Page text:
To meet aggressive product time-to-market goals, electrical and mechanical engineers need to work concurrently to envision, model and validate an enormous array of interdependent system requirements. While there’s no doubt that robust thermal modeling of both the semiconductor chip and heat sink solution help get ahead of the development curve, there is no substitute for actual test data. But, how do you do that before the final semiconductor chip, along with the associated product costs, is available. Enter the thermal test chip. They can be a convenient, fast and cost effective approach for developing package and cooling solutions at the individual semiconductor and system levels.
What Are Thermal Test Chips?
Thermal test chips are designed to help thermal engineers answer critical thermal packaging or material questions and can be divided into two groups.
- Application Specific Test Chips – Designed to mimic complex heat generation topologies such as those found in multi-core processors, system-on-a-chip, and power management and control designs, these thermal test chips are made to match a specific design. They are usually designed by the manufacturer of the corresponding application chip as a tool to help their customers get started on thermal design efforts well before the application chip design and fabrication is done.
- General Purpose Test Chips – Like their application specific counterpart, general purpose chips allow engineers to model, measure, and modify silicon design early in the processes. These chips have a standardized design in order to accommodate a wide variety of applications quickly and cost effectively. Yet, customization of the thermal profile and package is still possible.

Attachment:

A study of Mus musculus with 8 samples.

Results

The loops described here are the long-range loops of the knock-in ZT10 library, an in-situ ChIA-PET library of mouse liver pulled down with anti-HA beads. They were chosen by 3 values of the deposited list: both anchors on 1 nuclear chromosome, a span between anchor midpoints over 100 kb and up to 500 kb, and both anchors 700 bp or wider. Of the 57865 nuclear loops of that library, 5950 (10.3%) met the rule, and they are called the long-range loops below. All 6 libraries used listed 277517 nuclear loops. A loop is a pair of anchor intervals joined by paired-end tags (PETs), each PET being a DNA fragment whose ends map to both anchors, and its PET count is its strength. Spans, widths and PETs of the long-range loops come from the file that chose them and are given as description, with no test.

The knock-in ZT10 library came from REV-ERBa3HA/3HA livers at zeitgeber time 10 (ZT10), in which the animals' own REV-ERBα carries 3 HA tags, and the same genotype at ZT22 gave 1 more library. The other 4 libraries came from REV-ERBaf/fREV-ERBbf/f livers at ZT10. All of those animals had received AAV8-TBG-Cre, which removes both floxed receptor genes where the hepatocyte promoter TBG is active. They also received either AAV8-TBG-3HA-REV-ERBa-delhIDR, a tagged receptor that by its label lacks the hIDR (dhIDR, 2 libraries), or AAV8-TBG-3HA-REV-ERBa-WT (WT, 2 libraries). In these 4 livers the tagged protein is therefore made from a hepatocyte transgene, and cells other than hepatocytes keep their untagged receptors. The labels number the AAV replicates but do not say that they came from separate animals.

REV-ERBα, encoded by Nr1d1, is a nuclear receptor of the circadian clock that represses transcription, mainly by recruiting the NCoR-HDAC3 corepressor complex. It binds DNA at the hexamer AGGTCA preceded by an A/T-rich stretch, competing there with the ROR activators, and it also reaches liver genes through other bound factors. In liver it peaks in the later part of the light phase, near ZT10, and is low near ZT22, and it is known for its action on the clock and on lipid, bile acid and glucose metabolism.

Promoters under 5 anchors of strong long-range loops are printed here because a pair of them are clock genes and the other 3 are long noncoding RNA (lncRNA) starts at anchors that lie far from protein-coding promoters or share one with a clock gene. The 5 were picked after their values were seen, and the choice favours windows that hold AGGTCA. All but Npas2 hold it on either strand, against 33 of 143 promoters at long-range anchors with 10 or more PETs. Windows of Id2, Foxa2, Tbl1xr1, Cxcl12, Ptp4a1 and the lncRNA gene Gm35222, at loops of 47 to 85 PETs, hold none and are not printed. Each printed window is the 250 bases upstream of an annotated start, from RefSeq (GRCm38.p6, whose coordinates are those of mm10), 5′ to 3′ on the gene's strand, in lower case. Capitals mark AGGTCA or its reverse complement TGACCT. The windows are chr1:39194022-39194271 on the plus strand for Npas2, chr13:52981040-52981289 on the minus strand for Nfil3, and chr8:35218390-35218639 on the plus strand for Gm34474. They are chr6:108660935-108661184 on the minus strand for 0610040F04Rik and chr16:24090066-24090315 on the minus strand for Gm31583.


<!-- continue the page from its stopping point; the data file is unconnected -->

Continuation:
Let’s take a slightly more in depth look at how one northern California company, Thermal Engineering Associates (TEA), implements these general purpose products.
Goals of General Purpose Thermal Test Chips (TTC)
To be useful to chip designers, TTCs need to meet several requirements including:
- Chip size that closely approximates the chip being simulated.
- Maximum possible heating area relative to chip size (JDEC standards specify a minimum of 85%)
- Uniform temperature profile across the heating area with the ability to simulate hotspots in specific areas.
- The ability to manipulate and measure different temperature profiles using standard lab equipment.
TEA uses a ‘Unit Cell’ approach for its general purpose test chips that are manufactured in either flip chip or wire bond versions. Each unit cell is small (1mm or 2.54mm squared) yet can be arrayed into larger shapes up to 20 x 20 unit cells in order to mimic the final application specific chip. As shown below, each unit cell uses metal film resistors for heat flux generation and PN Junction diode(s) for temperature sensing. Power densities of ~300 W/cm2 and ~200 W/cm2 can be achieved for 1mm and 2.54mm unit cells respectively.
Each 2.5mm unit cell has two resistors for heat generation and four diodes for temperature sensing while the 1mm unit cell includes two resistors and one temperature sensor. When configured and tested in an array using a given heat sink, it’s easy to see the precision and versatility of these general purpose test chips.
The use of specialized thermal test chips is a convenient and efficient approach for developing package and cooling solutions. Thermal test chips, as compared to live device measurements, provide measurement accuracy and the ability to simulate high power density areas. Measurement data acquisition is simplified allowing the use of standard lab equipment for powering the resistors and sensing temperatures. No specialized switching equipment is required, reducing the cost for thermal test. The thermal test chip is also suited for advanced development of stacked, 2.5 and 3D packaging and in some cases is the only way temperatures can be detected in a stacked or 3D configuration.
Special thanks to Bernie Siegal of TEA and Tom Tartar of Package Science Services for providing us with information about general purpose thermal test chips. For more information, please visit the TEA website.